Enlargement, trade and investment. The impact of barriers to trade in Europe

Author (Person) ,
Publication Date 2002
ISBN 1-84376-017-7
Content Type

Book abstract:

The forthcoming enlargement of the EU to the East embracing the former Soviet dominated countries of central and eastern Europe is perhaps the most challenging enterprise of the EU to date. The cultural impact alone is a huge challenge but the economic aspect will prove the greatest. About 100 million people are to be integrated but the existing income gap between the two halves of Europe means that the overall GDP of the EU will rise by only 5 per cent after enlargement.
This work studies the consequences of Eastern enlargement placing particular emphasis on the technical barriers to trade. Contributors to the work comprise researchers from both EU and Central and Eastern European countries (CEECs). There has already been huge progress in the removal of tariff barriers across Europe and further tariff reduction offers small prospects of increasing trade. The argument offered in chapter three is that the accession of CEECs to the Single Market will have significant effects on trade, foreign direct investment and welfare in Europe, both at the aggregate and sectoral level. Chapters two and four address the importance of distinguishing industrial sectors in accordance with the practice adopted in the EU to the removal of technical barriers to trade. The problems arising from the differences in standards and technical regulations in four of the CEECs are subjected to comparative analysis in chapter five, and later chapters present detailed studies of those four countries - Bulgaria, Hungary, Poland and Slovakia. Chapter six pleads the case for the Balkan countries whilst chapter seven shows the progress already made by the more advanced of the CEECs - Hungary. Chapter eight explores the situation in Poland and Slovakia is examined in chapter nine.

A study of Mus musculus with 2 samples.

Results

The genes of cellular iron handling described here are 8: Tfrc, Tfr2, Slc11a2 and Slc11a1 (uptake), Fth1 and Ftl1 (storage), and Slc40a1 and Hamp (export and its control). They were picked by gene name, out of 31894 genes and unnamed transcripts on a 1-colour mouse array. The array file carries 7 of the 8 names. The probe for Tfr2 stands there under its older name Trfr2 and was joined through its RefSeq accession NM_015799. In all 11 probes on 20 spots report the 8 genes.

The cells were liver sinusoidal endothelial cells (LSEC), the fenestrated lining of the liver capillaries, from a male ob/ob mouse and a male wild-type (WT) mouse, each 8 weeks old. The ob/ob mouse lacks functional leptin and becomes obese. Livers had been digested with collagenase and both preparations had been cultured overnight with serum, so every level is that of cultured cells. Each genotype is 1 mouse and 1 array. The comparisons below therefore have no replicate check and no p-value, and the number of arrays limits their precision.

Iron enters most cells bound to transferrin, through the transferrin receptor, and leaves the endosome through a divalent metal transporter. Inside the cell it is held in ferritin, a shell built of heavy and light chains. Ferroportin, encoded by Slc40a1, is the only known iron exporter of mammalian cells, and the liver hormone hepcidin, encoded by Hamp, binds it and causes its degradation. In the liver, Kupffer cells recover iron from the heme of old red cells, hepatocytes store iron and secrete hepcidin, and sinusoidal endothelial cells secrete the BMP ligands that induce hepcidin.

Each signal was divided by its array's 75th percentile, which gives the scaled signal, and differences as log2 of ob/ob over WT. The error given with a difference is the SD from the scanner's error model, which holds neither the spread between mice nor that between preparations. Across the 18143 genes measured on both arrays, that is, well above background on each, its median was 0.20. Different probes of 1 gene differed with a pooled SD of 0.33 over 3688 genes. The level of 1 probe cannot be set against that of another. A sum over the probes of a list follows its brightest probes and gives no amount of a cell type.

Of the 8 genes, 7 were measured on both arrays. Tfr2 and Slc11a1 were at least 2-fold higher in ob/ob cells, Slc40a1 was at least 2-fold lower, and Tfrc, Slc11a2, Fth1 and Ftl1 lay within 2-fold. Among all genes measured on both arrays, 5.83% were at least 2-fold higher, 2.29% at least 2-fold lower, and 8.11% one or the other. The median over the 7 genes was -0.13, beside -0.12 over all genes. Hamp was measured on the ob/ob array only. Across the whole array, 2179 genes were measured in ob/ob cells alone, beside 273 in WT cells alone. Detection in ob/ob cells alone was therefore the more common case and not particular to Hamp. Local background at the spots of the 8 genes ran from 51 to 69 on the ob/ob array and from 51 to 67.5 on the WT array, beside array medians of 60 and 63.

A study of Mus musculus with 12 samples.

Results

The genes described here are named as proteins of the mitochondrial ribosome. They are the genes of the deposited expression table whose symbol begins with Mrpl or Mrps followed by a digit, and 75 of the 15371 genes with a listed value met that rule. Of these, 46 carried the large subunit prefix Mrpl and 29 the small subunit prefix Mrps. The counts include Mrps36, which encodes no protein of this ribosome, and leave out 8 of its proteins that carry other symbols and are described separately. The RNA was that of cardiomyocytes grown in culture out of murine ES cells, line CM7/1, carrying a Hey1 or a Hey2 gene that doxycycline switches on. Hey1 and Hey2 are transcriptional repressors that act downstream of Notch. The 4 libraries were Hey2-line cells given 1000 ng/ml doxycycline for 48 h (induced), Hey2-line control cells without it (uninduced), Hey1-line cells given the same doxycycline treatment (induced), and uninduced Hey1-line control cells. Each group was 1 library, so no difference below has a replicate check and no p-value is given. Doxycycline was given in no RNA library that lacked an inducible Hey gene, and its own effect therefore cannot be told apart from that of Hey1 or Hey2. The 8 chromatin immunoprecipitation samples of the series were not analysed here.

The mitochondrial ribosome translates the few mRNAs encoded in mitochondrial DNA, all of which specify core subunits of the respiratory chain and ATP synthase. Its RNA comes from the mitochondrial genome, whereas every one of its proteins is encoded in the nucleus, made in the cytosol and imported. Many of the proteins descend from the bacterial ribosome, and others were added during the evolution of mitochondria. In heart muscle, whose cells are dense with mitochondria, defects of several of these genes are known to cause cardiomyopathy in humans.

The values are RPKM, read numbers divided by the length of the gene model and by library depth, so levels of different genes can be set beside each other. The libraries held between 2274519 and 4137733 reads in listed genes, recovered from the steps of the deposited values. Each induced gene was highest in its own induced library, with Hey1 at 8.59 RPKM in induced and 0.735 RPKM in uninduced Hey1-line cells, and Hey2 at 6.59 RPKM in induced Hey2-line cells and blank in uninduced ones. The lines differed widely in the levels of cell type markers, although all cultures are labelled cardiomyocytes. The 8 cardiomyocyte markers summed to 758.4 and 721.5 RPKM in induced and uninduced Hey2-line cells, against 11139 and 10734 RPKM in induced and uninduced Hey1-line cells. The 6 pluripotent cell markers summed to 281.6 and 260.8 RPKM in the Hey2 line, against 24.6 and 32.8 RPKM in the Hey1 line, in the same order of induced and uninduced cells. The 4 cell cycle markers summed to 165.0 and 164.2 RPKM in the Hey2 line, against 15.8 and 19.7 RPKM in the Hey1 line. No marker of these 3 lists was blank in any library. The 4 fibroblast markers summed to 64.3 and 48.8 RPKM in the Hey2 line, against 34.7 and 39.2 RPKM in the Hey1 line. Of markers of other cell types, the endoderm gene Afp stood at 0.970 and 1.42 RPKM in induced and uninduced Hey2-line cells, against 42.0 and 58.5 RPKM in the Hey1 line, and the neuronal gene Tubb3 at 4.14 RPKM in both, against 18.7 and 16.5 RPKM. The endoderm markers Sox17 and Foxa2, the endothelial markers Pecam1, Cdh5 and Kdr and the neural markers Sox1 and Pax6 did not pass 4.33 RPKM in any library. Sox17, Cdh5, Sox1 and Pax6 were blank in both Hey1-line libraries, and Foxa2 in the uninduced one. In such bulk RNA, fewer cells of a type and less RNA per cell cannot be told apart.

The book will interest students and academics engaged in European studies, researchers, and policy makers in the fields of international relations and the economics of EU enlargement.
Paul Brenton is a Senior Research Fellow and Head of the Trade Policy Unit at the Centre for European Policy Studies, Brussels, Belgium.
Stefano Manzocchi is Professor of International Economics at the University of Perugia, Italy.